Los Angeles Theater Review: MILLION DOLLAR HAIR – A COMEDY TRIBUTE CONCERT (Lost Moon Radio)


in Theater-Los Angeles


Lost Moon Radio’s new Hollywood Fringe Festival show is by far the least impressive Lost Moon outing I’ve seen.  A departure from their usual late-night free-form radio show format, Million Dollar Hair has a fine enough conceit: it more or less purports to be a piece of musical theater (book: Frank Smith, Ryan Harrison MILLION DOLLAR HAIR – A COMEDY TRIBUTE CONCERT - Lost Moon Radio at the Hollywood Fringe Festival.and Lauren Ludwig; music by Harrison, Dylan Ris, Mikey Wells, Lauren Flans and Brenton Kossak; lyrics by Ris, Wells, Harrison, Smith and Flans), set at the memorial tribute to a scumbag pop music mogul, complete with performances and testimonials by an eclectic gaggle of has-beens that the deceased, Bernie Schonfeld (get it? He’s a Jew!), used to exploit.  There is something remotely like a story, and there are something like characters.  Familiar is another way to describe them.  Add half-good songs and weak callbacks of obvious jokes, and that’s this show on paper.  Malapropisms do not a character make, even in a sketch.  Certainly not in a sketch that lasts 70 minutes.

MILLION DOLLAR HAIR – A COMEDY TRIBUTE CONCERT - Lost Moon Radio at the Hollywood Fringe Festival.Lost Moon is a tremendously talented bunch of actors, writers, and singers, and they always get a great live band to back them up (Ris, guitar; Kossak, bass; Dan Wessels, keyboards; Eric Kalver, drums).  Their songs and sketches are normally sharper and edgier than anything you can see on TV, but this time I often felt I was watching an hour-long Letterman bit.  Performance is not the issue; it never is with these guys.  It’s just an entry typical of my Fringe experience, not ready for prime time, and it features what is, for me, the single biggest hallmark of Fringe shows: undeveloped writing.  It’s just not consistently funny or clever enough to warrant asking people to watch it.  Under Ludwig’s direction, these performers (Leslie Korein, Ryan Harrison, Megan Rose Greene, Dan Oster, Smith, and Flan) work it hard, but about one in ten of their moments struck me as reasonably well thought-out, amusing, or diverting, well below their usual standard.  But hey, it’s Fringe.  You know.  Put up a show.  Whatever.

photos courtesy of Lost Moon Radio

Million Dollar Hair – A Comedy Tribute Concert
Lost Moon Radio
part of the Hollywood Fringe Festival
The Hudson Backstage
6539 Santa Monica Blvd
scheduled to end on June 28, 2014
for dates and tickets, visit Hollywood Fringe


Tony June 15, 2014 at 1:00 am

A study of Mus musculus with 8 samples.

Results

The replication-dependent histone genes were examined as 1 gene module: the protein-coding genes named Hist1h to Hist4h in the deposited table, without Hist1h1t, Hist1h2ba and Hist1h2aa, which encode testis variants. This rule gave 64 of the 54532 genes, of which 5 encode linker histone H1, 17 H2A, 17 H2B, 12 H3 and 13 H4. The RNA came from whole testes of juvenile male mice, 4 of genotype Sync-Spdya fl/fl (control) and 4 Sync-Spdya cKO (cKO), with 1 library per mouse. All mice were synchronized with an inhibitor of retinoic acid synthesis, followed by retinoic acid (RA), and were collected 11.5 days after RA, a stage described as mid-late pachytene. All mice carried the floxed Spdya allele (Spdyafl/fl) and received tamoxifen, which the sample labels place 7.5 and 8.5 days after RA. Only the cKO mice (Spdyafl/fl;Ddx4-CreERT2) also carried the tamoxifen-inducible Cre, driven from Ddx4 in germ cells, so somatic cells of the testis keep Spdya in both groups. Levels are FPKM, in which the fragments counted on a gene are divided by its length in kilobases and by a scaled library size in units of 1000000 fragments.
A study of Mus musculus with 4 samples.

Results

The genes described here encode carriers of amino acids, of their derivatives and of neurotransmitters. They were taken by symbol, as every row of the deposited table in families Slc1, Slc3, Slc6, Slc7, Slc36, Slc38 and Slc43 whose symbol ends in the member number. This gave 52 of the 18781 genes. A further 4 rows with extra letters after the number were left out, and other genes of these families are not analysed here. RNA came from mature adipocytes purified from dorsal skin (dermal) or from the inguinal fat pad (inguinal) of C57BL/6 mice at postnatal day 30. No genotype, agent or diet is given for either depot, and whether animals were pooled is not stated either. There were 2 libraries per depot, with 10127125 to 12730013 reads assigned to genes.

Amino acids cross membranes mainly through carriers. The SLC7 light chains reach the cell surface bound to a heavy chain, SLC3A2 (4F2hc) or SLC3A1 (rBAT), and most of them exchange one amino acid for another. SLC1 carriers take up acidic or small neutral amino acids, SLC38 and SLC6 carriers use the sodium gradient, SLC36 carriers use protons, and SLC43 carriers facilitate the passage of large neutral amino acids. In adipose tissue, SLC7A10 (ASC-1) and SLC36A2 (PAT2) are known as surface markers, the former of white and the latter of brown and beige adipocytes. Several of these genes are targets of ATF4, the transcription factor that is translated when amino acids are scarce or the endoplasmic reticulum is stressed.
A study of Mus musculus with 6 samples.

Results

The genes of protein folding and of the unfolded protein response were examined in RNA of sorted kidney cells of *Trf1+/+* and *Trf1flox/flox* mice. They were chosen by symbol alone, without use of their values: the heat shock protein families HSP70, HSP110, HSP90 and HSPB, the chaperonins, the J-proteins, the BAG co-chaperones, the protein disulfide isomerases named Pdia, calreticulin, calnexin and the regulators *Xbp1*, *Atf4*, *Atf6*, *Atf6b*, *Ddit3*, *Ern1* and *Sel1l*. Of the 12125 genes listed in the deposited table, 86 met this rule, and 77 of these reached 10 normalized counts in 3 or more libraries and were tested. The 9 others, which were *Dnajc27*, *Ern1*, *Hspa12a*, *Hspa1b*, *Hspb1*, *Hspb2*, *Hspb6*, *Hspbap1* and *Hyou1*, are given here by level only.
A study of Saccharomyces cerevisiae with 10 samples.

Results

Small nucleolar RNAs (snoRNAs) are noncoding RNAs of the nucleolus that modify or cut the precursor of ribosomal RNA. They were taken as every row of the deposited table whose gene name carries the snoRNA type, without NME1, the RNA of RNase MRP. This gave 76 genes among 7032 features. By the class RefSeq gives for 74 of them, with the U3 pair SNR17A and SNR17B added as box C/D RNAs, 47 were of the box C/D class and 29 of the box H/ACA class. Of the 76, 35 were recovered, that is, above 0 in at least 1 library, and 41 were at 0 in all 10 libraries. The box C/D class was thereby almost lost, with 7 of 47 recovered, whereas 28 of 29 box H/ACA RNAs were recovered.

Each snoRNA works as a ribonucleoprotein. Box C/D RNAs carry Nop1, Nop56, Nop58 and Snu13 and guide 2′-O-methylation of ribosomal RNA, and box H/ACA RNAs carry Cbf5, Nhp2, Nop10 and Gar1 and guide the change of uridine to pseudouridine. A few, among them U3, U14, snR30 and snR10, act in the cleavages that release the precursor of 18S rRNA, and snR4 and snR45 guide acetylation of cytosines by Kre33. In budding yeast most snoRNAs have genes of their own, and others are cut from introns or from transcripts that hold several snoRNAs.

I’m pretty sure I saw the same performance this critic did, and he must have been the only person in the house not laughing. Or nodding his head to all the great songs. Kind of a shame when the only person having a bad time is the one who gets to write the review.

Jason Rohrer June 15, 2014 at 10:23 am

I laughed, Tony. Five times in an hour. And the woman to my left clearly wasn’t enough into the show to stop checking her phone. Nor the woman behind me, who afterward was overheard to say in the cafe, “Didn’t they used to be funnier? Like, a lot funnier?” House right and the front row were a lot louder than any other part of the audience, clearly because there were more friends of Lost Moon sitting there. So be careful when you accuse a critic of not having had the same experience you think everyone else did. You might not have paid attention.

Tony June 15, 2014 at 9:35 pm

I don’t get this response at all. You published your review, and now I should get to comment without you trying to one-up me. Sure, you heard a woman in the cafe who didn’t like the show. I heard a dozen people who did like it. We can get anecdotal all we want, but it’s not really debatable that there was constant laughter.

I think you’re grasping at straws in claiming the large numbers of people laughing must have been friends of Lost Moon cast members. You’re making something up to dismiss the honest reaction of an audience that didn’t agree with you. This is not professional criticism.

You can try to one-up me again if you need the last word. Personally, I think you should let your review speak for itself and not go tit-for-tat with someone who had a vastly different experience. Either way, I’m done commenting.

Mark June 18, 2014 at 11:35 pm

Gee Tony, sorry your brilliant opinion was met with an actual discussion. It must be tough for you, having to respond to a counter-example. But, good thing you decided to try to shut down the discussion by labelling any further dialog as trying to get the last word. You should win a trophy for your honorable debate skills, and for trying real hard. I suppose you could try to defend yourself against my passive aggressive ad hominem attack if you need to get in the last word. Feel free, I’m not interested in this discussion anymore. I don’t need to get in an ego battle, I know I’m right.

Drops mic.

Anthony June 15, 2014 at 5:24 pm

Tony, I have to agree with Mr. Rohrer on this one. I am a HUGE fan of Lost Moon Radio, trumpeting about the inventive troupe for years. For “Million Dollar Hair,” the actors, the characterizations, the band, the lighting, the production: all were amazing. And no doubt there were some guffaw-inducing moments. But I found myself itching to get out of the theater. Why? The songs–the main element of the show–wore out their welcome almost immediately. There were some good riffs, but the lyrics were clunky, one-note, and sorely unsophisticated. Even the written dialogue was mostly juvenile and simply not funny. And with no individual sketches to break up the monotony, I found the entire enterprise interminable and soporific. I don’t think my theatergoing companion disliked it as intensely as I did, but his comment was “It just didn’t work.”